While spiteful Conservatives sit on the sidelines and continue to root for failure, San Francisco continues its experiment with free community college. It’s so far, so good.
The San Francisco Examiner reports that the new year is off to a solid start at City College of San Francisco, where instruction resumed on Monday and enrollment continued to rise as the college headed into its second semester of free tuition.
Preliminary enrollment data shows that City College began its first day of instruction with a student headcount of 26,065. That’s 4,559 more students than were enrolled in the spring semester of 2017, when there was a total of 21,506 students on the first day of classes.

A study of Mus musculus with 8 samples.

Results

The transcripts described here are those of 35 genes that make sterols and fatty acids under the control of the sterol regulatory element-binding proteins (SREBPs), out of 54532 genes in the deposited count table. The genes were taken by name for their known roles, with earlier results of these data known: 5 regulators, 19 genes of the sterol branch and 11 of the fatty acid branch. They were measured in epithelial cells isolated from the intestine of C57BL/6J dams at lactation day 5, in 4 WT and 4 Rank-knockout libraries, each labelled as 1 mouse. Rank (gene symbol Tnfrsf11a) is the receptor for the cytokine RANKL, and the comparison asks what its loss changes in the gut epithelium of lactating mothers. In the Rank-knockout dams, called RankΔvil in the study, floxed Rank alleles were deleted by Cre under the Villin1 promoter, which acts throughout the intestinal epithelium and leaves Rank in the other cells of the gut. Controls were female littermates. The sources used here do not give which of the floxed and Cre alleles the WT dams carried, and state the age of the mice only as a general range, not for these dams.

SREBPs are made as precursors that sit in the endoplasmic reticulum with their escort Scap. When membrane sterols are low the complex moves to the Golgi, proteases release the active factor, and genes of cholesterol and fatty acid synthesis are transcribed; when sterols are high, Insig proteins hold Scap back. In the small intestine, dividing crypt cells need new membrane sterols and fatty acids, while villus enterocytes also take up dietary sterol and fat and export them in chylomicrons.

State funding for community colleges is based on the calculation of full-time equivalent students at a school. With respect to the FTES formula, the college is seeing a 14.5 percent enrollment increase in resident FTES this semester, or 6,786 FTES, up from 5,924 in spring 2017.
“What’s clear is that ‘Free City’ really is continuing to gain momentum, and continuing to bring San Francisco residents back to City College,” CCSF Trustee Tom Temprano said Tuesday.
City College implemented the Free City program, which waives tuition for students living in San Francisco who have established residency in California or are eligible for non-resident exemption.
In 2016, San Francisco voters approved an increase in a real estate transfer tax on commercial and residential properties selling for $5 million or more, which provides funding for the program.
Hey, if voters want to pay for this, we say let them.